Both the city of Glasgow and the Scottish Government have committed to ambitious climate goals, including pledging to reach net zero greenhouse gas emissions by 2045. Considerable progress has already been made – for instance, Scotland meets 76% of its energy needs using renewable sources like solar and wind.
As we look ahead toward COP26, join us for this event with key government and environmental leaders as they share the world-leading work being done in Scotland on climate, and how Glasgow is working with other cities around the world, including New York City, and global networks like C40, to share best practices and collaborate on exciting projects to reduce emissions and ensure a just transition to a greener future.
This discussion is hosted in partnership with the Just Transition Commission of Scotland, the Scottish Government, RSA Scotland, St. Andrew’s Society of New York, and Penn 's Kleinman Center for Energy Policy.
Sign up for this virtual event, and details of how to take part will be in your order confirmation email.
Kersti Berge is the Director of Energy and Climate Change for the Scottish Government. In this role, she is responsible for energy including the energy industries, energy consents and low carbon issues, climate change, the water industry, drinking water quality and consumer issues. Prior to joining the Scottish Government, Ms. Berge was a director at Ofgem where she held a number of senior roles including on network regulation, consumer and competition issues, and energy security. Ms. Berge was also Head of Ofgem in Scotland with responsibility for liaising with key Scottish stakeholders and managing Ofgem’s office in Glasgow. Before joining Ofgem, Ms. Berge was a senior economic advisor at HM Treasury where she was responsible for the UK’s medium term growth forecast and worked on European economic issues. Prior to that she was a lecturer in economics at Oxford University.
Duncan Booker is COP26 Stakeholder Manager for Glasgow City Council. He has worked on policy development in local government for more than twenty years in a range of areas. He drafted the Council’s report and recommendations on the climate emergency last year, which led to the city committing to achieve carbon neutrality by 2030. Mr. Booker is currently working on arrangements for Glasgow to welcome the world to COP26 in November 2021. He is a graduate of the universities of Oxford and Glasgow.
Roseanna Cunningham, MSP is Cabinet Secretary for Environment, Climate Change and Land Reform. She was appointed in May 2016, having previously served as Minister for the Environment and Cabinet Secretary for Fair Work, Skills and Training. Born in Glasgow in 1951, she moved to Australia in 1960 with her family and subsequently completed her schooling in Fremantle, Western Australia. She became interested in politics while still a teenager and first joined the SNP in 1969 as an overseas member. Ms. Cunningham returned to Scotland in 1976 and in 1980 returned to university in Edinburgh obtaining a Law Degree followed by a Diploma in Legal Practice from Aberdeen University. She represented Perth and Kinross in the House of Commons from 1995 to 2000. She has been elected to the Scottish Parliament since 1999 serving on the Justice, Health and Rural Affairs committees. Please note that Ms. Cunningham will provide taped remarks.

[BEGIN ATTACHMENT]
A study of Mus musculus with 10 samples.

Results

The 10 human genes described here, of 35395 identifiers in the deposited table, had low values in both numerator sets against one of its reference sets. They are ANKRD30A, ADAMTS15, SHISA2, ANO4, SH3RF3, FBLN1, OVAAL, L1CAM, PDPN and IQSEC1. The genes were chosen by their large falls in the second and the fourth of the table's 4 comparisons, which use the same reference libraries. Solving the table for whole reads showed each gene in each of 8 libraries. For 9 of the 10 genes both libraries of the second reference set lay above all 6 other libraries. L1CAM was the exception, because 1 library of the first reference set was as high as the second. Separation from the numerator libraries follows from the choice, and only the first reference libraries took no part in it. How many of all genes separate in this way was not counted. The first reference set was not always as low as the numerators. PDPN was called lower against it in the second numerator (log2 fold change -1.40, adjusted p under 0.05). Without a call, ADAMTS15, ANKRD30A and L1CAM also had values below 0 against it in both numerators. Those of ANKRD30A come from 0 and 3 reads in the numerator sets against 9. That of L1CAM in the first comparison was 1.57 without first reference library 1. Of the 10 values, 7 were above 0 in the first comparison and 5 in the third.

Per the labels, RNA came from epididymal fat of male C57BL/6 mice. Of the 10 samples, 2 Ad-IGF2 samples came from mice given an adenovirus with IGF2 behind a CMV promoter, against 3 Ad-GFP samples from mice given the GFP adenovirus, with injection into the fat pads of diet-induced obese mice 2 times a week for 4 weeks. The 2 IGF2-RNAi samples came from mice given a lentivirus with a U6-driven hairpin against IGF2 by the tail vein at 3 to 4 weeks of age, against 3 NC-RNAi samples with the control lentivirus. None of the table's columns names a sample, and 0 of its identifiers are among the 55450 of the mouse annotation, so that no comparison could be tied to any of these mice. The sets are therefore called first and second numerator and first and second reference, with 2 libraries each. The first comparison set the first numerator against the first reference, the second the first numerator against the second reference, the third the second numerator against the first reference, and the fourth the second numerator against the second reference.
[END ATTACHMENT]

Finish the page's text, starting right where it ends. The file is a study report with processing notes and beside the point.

David Miller is the Director of International Diplomacy for C40 Cities. Mr. Miller was Mayor of Toronto from 2003 to 2010, and served as Chair of C40 Cities from 2008 until 2010. Under his leadership, Toronto became widely admired internationally for its environmental leadership, economic strength and social integration. He is a leading advocate for the creation of sustainable urban economies, and a strong and forceful champion for the next generation of jobs through sustainability. Mr. Miller has held a variety of public and private positions and served as Future of Cities Global Fellow at Polytechnic Institute of New York University from 2011 to 2014, was an Adjunct Professor at York University in Toronto and has an Honorary Doctorate from the University of Waterloo in Environmental Studies. Prior to joining the C40, Mr. Miller served as the President and CEO of World Wildlife Fund-Canada, Canada’s foremost conservation organization. David Miller is a Harvard trained economist and professionally a lawyer. He and his wife, lawyer Jill Arthur, are the parents of two children. He is the author of Solved: How the World's Great Cities Are Fixing the Climate Crisis.
Tom Shields is a commissioner with Scotland’s Just Transition Commission and is part of a group advising the Scottish Government on a sustainable recovery from the COVID pandemic. He is Chief Executive of Spring Rise, a consultancy providing support to chemical processing, waste recycling and renewable energy industries. He was previously the Managing Director of KemFine UK Ltd., a specialty chemicals business, and has served as the Chair of the Scottish Enterprise Forth Valley Board.
Lolita Jackson is the Special Advisor for Climate Policy & Programs in the NYC Mayor’s Office. She is the climate diplomat for NYC, and is also lead for the administration regarding global work on divestment and climate finance. Prior to her appointment to this role, she held numerous positions within the NYC Mayor’s Office over the past 14 years, including the Special Initiative for Rebuilding and Resiliency, lead for operational city agencies on Second Avenue Subway, and Manhattan Director of Community Affairs. Prior to her tenure in the NYC Mayor’s Office, Ms. Jackson worked for Morgan Stanley Investment Management for 12 years. She is a 1989 alumna of the Penn School of Engineering and Applied Science, majoring in Applied Science with a concentration in Chemical Engineering, is co-President of the Penn Class of 1989, and is a 2007 winner of the Penn Alumni Award of Merit.